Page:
AARP District of Columbia works to make the District a great place for people of all ages to live, work and play. Reduce Energy Use DC brings people together and raises awareness of how our actions can help reduce energy use and fight climate change. AARP DC is excited to be partnering with Reduce Energy Use DC for the second year in a row to help District residents create energy saving habits and save money.

Louis Davis Jr., AARP DC Director

During the summer months, older adults spend a lot of time indoors at cooling centers, the home of friends and family, or in their own homes. Having air conditioning in the summer offers relief from heat and humidity and can prevent heat-related illnesses. Butit can also be costly, both to the pocketbook and the environment. We want tospread the word that you can adopt energy saving habits and stay cool in the summer at the same time. For example, even if you have air conditioning, keep ceiling fans running during the summer and change the direction of the blades to counterclockwise to make sure air is blowing downward. If you use box or pedestal fans, place a bowl of cold water in front of each one to create a chilly breeze.Keeping ceiling fans running will allow you toraise the thermostat about four degrees (at least in the rooms that have a ceiling fan), which can lower your energy bill.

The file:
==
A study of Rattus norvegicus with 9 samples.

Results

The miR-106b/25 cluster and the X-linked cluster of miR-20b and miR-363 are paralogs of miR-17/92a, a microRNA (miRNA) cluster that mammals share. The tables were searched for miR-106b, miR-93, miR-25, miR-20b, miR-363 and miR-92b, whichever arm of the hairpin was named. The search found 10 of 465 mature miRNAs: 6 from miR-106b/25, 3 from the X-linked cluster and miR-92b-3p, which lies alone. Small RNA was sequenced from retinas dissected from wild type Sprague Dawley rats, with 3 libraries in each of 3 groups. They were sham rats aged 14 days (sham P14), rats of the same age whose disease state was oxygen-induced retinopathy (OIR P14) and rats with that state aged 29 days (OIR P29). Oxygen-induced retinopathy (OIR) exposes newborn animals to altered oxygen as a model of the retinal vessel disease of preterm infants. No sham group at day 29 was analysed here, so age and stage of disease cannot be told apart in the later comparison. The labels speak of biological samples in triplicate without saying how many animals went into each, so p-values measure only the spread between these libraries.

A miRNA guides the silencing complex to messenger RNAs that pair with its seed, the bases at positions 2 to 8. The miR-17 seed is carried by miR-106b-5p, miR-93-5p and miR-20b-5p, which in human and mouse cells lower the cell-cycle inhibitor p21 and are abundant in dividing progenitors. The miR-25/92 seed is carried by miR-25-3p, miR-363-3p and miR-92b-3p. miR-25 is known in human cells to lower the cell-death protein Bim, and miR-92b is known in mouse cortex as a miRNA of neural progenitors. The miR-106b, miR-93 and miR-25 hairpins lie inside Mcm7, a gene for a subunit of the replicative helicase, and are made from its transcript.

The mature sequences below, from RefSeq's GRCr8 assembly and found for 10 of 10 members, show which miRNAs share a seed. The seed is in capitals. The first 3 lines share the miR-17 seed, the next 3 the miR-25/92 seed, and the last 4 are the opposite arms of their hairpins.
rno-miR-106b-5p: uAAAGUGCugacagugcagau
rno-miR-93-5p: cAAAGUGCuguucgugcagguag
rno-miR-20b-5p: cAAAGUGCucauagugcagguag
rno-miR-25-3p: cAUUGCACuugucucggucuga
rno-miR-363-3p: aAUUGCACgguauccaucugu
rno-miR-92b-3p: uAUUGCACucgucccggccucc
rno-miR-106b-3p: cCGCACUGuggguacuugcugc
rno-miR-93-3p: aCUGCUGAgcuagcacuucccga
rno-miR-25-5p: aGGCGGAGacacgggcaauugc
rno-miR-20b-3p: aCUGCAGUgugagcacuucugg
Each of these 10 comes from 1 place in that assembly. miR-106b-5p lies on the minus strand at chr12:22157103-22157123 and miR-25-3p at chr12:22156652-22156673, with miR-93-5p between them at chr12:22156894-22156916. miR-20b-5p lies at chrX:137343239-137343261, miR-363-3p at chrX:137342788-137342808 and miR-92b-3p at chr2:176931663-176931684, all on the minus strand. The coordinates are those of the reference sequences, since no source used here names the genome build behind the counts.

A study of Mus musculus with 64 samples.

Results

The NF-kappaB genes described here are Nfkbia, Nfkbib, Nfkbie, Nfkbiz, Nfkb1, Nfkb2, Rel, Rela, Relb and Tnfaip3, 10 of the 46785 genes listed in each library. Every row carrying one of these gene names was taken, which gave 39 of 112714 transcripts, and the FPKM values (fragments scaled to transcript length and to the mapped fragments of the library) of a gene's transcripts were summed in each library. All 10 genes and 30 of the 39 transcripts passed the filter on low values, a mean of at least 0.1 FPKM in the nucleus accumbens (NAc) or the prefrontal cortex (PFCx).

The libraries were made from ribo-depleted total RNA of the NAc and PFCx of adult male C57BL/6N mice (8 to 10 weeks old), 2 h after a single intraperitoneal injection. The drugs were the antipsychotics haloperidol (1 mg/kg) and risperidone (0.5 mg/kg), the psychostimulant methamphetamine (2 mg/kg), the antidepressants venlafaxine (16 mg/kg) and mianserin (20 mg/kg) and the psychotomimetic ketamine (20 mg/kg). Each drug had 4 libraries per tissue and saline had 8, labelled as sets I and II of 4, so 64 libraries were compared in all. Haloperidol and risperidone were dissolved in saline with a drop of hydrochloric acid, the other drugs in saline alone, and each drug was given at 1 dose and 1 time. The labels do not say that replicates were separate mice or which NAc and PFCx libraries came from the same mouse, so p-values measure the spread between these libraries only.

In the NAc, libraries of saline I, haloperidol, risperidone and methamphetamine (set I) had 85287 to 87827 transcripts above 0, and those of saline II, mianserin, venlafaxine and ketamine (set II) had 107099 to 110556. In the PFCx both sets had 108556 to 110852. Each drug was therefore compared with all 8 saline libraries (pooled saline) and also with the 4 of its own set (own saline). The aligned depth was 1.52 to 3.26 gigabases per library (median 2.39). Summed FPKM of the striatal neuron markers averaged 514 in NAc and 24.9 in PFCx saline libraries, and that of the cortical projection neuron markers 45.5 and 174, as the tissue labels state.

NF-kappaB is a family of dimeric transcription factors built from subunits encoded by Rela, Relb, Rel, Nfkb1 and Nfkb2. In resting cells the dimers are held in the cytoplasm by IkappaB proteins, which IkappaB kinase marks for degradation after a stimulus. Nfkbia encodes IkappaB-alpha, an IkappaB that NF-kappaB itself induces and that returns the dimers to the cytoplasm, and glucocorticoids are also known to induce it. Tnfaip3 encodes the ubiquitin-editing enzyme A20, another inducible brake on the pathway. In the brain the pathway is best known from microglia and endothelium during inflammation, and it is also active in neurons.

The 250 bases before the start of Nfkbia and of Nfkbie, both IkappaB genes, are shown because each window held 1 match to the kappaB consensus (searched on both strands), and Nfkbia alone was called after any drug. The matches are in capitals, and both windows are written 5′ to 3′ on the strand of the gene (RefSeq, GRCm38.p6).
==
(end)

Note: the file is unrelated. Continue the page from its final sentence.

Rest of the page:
In addition to using ceiling fans, there are several ways for people to reduce their energy use. Our number one tip forreducing energy usage is to use your major appliances wiselyMaking small changes such as using cold water to wash clothes, only running the dishwasher when full, and using a grill or microwave instead of an oven can be highly effective in reducing energy use. And I recently read that a dryer can lose 75 percent of its efficiency if lint clogs its trap. Cleaning it after every use can save up to $288 on the annual cost of using a dryer!
Finally, consider switching from traditional light bulbs in your home to LED lightbulbs, which use less electricity and last 3-25 times longer than regular light bulbs. Lighting accounts for about 12 percent of an average residential bill, so the savings on your energy bill from this small change may be significant.

WI Guest Author

This correspondent is a guest contributor to The Washington Informer.